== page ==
Most of the Australian population is now aware of the damage that a sedentary lifestyle can cause over time, regardless of age or gender. Obesity, health conditions such as metabolic and cardiovascular risk, and even premature death are all linked to prolonged periods of inactivity. As it’s learnt behaviour, for many people breaking the cycle of a sedentary lifestyle is challenging. Not only do you need to replace old behaviours with new which can take time to stick habitually, but the ramifications of less movement will mean physically you’ll want to do just that – move less.
However, even by reading this you are probably thinking it’s time for change. And there are ways to gradually make changes in your routine to start moving toward a healthier lifestyle. Who knows, by the end of your improvements you might commit to a challenge like a fun run or complete a diploma of fitness to further increase your knowledge into health and well being, even if it’s just for your personal use.
The simplest formula to remember is to get 30 minutes of at least medium intensity activity on most days and one or two resistance training sessions in each week. Medium intensity can be a brisk walk – you just need to feel your breath quicken and keep up a reasonable pace, it doesn’t need to be a jog or run! If structured exercise like classes aren’t your thing, get into some decent housework or gardening and exaggerate the big movements like full squats and lifting overhead. These can be repeated a little more than necessary to complete your actual task, but you’ll get a few more reps in. Others are big fans of parking further away from errands or engagements so walking to and from will add to your daily exercise. Carrying the grocery shopping further has got a strength element to it also.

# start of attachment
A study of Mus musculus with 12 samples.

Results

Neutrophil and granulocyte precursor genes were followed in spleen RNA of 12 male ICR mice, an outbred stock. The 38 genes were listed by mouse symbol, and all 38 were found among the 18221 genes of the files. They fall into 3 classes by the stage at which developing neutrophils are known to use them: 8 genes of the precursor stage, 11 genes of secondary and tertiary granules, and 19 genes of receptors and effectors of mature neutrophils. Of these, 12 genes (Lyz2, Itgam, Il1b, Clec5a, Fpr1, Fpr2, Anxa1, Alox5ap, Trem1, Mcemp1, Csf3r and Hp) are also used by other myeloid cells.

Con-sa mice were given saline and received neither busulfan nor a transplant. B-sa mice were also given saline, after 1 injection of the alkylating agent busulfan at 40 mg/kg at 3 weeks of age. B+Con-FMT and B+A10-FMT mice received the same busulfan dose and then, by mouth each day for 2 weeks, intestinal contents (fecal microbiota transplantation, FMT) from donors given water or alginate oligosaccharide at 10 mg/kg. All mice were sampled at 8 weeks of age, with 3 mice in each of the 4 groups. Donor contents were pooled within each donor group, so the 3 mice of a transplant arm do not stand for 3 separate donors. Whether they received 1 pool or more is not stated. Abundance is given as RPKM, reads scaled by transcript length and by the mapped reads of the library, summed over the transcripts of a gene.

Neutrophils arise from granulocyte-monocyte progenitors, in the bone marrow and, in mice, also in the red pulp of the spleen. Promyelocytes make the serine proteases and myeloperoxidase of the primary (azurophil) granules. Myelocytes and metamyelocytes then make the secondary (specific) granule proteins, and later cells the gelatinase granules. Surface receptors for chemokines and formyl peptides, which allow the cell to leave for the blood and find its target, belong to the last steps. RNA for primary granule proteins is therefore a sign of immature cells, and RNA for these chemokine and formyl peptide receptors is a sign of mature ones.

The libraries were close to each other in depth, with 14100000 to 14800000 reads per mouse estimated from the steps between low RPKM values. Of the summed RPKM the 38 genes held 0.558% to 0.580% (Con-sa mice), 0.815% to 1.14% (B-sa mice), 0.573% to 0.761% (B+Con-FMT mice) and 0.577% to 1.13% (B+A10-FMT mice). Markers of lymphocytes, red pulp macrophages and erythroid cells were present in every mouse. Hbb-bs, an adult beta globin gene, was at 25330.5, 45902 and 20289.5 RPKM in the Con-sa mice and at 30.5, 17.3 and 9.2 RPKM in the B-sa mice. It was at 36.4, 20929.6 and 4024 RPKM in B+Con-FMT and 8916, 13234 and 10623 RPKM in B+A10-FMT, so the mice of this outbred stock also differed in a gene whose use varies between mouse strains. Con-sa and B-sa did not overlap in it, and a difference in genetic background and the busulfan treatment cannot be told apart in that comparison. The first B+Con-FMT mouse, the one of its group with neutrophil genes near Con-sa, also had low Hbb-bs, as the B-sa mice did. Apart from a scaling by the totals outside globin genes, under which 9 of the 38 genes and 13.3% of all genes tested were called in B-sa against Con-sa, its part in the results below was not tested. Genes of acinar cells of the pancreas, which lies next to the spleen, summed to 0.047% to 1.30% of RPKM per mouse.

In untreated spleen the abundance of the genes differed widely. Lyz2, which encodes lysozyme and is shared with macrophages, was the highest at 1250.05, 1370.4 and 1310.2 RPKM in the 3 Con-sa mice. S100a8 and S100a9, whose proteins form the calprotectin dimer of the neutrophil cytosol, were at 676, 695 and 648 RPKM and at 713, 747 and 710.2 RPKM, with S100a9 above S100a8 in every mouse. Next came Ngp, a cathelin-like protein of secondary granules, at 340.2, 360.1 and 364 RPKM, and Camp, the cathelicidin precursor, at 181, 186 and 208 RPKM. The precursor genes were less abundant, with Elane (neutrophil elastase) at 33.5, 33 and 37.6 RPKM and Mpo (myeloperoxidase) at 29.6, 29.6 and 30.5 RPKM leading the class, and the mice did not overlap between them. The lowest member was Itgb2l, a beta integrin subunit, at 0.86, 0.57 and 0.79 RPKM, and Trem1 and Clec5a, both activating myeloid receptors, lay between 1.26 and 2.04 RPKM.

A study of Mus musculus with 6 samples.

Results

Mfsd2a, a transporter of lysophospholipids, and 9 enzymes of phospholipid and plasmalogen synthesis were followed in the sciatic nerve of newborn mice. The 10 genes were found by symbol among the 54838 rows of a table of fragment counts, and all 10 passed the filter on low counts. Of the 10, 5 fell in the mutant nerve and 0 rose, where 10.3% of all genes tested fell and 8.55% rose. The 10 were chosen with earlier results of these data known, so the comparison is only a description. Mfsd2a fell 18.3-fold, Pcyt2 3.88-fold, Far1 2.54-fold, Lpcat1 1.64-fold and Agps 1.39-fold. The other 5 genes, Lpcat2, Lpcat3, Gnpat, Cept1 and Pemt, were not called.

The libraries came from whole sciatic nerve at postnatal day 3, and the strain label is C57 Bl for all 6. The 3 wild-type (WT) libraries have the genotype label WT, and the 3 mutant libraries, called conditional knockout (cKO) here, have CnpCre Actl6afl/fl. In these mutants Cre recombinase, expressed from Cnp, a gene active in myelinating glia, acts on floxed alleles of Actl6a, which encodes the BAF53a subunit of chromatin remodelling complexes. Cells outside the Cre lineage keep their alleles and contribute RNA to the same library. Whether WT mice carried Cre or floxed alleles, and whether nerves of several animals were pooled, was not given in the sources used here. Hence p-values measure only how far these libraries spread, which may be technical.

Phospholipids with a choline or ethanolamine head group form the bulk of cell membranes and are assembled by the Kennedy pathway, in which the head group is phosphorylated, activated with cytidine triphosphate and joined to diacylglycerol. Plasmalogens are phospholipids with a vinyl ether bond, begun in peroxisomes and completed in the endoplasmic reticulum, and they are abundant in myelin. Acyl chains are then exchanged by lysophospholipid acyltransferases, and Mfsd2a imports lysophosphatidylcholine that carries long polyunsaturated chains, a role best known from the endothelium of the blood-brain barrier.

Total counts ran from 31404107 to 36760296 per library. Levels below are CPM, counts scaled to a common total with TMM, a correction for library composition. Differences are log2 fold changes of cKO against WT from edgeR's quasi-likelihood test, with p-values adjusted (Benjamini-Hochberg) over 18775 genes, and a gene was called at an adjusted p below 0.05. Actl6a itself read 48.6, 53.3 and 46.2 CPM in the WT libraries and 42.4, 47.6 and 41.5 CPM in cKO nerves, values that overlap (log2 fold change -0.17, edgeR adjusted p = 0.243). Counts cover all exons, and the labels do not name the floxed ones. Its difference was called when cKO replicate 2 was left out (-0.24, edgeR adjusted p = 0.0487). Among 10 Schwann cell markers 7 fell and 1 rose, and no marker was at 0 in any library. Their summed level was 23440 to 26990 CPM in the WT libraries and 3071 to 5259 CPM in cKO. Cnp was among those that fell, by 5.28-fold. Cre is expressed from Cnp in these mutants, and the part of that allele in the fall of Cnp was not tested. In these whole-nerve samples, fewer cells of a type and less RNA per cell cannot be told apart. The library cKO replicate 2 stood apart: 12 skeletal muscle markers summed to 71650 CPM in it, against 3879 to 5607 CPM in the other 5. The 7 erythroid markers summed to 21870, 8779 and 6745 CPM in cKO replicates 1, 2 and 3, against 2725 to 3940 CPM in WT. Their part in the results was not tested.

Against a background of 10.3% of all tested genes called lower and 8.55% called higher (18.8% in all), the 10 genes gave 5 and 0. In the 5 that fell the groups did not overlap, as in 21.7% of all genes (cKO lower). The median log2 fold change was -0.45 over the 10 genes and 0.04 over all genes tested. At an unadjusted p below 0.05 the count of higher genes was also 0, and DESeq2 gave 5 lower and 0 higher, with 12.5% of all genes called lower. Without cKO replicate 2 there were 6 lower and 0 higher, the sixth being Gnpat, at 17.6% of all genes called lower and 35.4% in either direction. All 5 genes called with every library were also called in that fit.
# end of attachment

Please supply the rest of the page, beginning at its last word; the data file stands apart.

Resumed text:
Moving structured exercise to the morning is also a good way to encourage more movement throughout the day. Physically you’ll have had the benefits of increased circulation that means you’re not as likely to slump all day at your desk. Mentally, you have put yourself into a mindset that has prioritised your body, which informs other health related choices
Interval training is consistently proven to be one of the most effective methods of exercising in the shortest period of time. To interval train, you’ll need to be sufficiently warmed up (and not just a few short stretches) and have a determined mindset, or someone who will really push you. Intervals are simply short bursts of activity at your maximum capacity. If you’ve never done this type of training, take a movement you’re familiar with and amp it for a period and give yourself a brief rest period. Repeat for 5 minutes. From here it is important to change it up with new exercises or movements and tweak the interval times so you build up to longer periods at your max capacity.
In short, move more and frequently. Start today!